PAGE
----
Antigay extremists are increasingly arguing that more rights for gay people mean fewer rights for them. They have lifted up cases challenging business owners who have refused service to LGBT people as examples of religious liberty supposedly being infringed by the gay rights movement.
A conference taking place in Des Moines this week shows exactly what these claims of "religious persecution" really are -- a cover for a political agenda that's about anything but liberty.
Republican presidential candidates Ted Cruz, Mike Huckabee, and Bobby Jindal are expected to speak at the so-called National Religious Liberties Conference alongside what organizers call "targeted men and women of faith," including David and Jason Benham, who claim to have been persecuted after their vitriolic antigay rhetoric caused them to lose a contract for a television program, and Sgt. Phillip Monk, whose claims to have suffered anti-Christian discrimination at the hands of a lesbian superior have been thoroughly debunked.
The organizers of this conference are not looking to simply freely practice their religion. Instead, they have made it abundantly clear that they wish to use the power of the government to impose their religious beliefs on others.
Three speakers at this "religious liberties" conference have defended imposing the death penalty on gay people -- yes, the death penalty -- including the conference's main organizer, Kevin Swanson. Swanson has made very clear that he does not wish to grant anybody else the religious liberty that he claims he is being denied. He praised a Ugandan measure that would have made homosexuality a criminal offense punishable by life in prison or the capital punishment. He continually reminds listeners of his radio program that the Old Testament requires that "homosexuals should be put to death."
Conference organizer Kevin Swanson
Swanson is no big fan of rights for women either. He claims that working women "do not love their children" and are destroying society. He has warned that efforts to empower women in developing countries by helping them buy cows will "destroy the nuclear family." He claims that women who are on the birth control pill have "these little tiny fetuses, these little babies, that are embedded" in their wombs, which "effectively have become graveyards for lots and lots of little babies." He once placed partial blame for wildfires in Colorado on "feminist trends" such as women wearing pants.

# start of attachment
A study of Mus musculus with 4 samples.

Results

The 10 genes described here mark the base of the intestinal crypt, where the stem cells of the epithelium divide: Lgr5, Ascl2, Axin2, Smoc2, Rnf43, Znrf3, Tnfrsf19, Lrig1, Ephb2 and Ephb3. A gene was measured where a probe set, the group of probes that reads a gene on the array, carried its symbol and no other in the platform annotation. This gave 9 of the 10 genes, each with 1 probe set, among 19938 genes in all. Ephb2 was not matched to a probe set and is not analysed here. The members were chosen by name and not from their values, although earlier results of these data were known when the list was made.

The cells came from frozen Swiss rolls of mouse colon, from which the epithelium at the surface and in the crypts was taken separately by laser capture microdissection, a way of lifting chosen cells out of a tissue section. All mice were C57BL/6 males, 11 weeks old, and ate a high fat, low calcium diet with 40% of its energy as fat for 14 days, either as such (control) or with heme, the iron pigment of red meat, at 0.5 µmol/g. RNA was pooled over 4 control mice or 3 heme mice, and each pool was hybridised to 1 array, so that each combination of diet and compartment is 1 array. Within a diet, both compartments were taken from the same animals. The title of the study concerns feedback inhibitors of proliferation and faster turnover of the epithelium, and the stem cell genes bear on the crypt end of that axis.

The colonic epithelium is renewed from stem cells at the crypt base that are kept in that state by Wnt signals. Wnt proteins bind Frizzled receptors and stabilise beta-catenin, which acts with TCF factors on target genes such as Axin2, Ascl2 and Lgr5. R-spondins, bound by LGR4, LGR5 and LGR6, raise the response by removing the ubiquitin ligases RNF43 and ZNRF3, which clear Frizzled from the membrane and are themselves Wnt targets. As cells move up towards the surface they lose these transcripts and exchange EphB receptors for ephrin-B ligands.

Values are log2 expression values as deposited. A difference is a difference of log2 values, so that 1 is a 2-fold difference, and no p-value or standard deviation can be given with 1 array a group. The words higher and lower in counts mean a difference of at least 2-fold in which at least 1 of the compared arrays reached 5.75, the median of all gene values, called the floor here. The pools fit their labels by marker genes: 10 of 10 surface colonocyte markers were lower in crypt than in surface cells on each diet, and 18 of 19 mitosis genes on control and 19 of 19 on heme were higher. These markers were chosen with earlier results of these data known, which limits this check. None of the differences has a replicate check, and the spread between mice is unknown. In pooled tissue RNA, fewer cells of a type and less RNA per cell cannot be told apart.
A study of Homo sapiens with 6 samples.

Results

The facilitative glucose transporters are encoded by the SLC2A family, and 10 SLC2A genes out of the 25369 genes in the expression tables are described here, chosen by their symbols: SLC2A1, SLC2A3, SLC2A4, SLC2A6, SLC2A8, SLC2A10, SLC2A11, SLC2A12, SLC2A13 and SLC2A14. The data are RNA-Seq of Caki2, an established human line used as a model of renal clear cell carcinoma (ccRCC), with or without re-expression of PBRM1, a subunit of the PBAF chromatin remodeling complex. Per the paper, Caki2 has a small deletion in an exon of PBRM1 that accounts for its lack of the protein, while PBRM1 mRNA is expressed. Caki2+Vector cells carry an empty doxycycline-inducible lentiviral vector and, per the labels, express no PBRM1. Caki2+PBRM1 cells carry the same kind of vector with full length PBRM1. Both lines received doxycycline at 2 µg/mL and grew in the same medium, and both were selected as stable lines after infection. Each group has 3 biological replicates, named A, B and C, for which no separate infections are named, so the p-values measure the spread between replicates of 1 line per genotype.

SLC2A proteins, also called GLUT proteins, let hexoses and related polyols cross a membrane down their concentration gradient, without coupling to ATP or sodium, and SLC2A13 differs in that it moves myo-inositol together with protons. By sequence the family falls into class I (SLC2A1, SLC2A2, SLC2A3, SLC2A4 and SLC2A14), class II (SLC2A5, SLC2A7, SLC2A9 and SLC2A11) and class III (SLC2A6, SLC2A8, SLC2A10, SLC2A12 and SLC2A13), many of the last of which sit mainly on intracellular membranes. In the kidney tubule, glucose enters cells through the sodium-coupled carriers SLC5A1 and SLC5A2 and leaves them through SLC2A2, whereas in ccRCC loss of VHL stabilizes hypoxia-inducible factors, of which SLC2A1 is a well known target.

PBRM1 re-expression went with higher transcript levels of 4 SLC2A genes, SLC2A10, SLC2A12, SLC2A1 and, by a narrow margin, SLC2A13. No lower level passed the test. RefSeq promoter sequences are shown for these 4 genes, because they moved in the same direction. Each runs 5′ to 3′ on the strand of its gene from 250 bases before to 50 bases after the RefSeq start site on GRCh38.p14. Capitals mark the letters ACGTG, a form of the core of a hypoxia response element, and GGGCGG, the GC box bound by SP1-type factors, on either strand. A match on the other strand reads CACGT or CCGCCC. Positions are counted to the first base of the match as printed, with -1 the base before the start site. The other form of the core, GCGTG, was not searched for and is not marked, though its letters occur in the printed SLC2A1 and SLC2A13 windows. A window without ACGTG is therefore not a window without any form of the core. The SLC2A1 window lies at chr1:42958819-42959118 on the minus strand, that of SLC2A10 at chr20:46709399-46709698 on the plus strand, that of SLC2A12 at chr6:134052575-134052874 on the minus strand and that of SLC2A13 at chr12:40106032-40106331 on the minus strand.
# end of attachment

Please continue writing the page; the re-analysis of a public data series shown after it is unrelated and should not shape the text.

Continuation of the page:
It's not just Swanson. Another speaker at the conference, Phillip Kayser, has argued for the death penalty for gay people, writing, "While many homosexuals would be executed, the threat of capital punishment can be restorative." Yet another speaker, Joel McDermon, has made the same argument, writing that God "revealed that the homosexual act as a civil crime deserves the death penalty" and that "where God says a civil crime deserves the death penalty, I propose that we keep in step with the first greatest commandment and recognize His total sovereignty in heart, soul, strength, and mind."
Multiple speakers at Swanson's conference are proponents of "Christian Reconstructionism," the idea that the United States must be governed by a particular interpretation of biblical law. As you can probably imagine, this interpretation is not one that's friendly to LGBT people.
Americans of all political stripes cherish our constitutional religious liberty and will fight to preserve it, and we must unite to ensure that our country remains a beacon of freedom to those who face persecution around the world.
But Swanson and his allies have something else in mind. They aren't interested in preventing a theocracy that quashes religious dissent. Instead, they want to create one. Anyone, especially candidates for president of the United States should think twice before associating themselves with such an agenda.
MICHAEL KEEGAN is president of People for the American Way.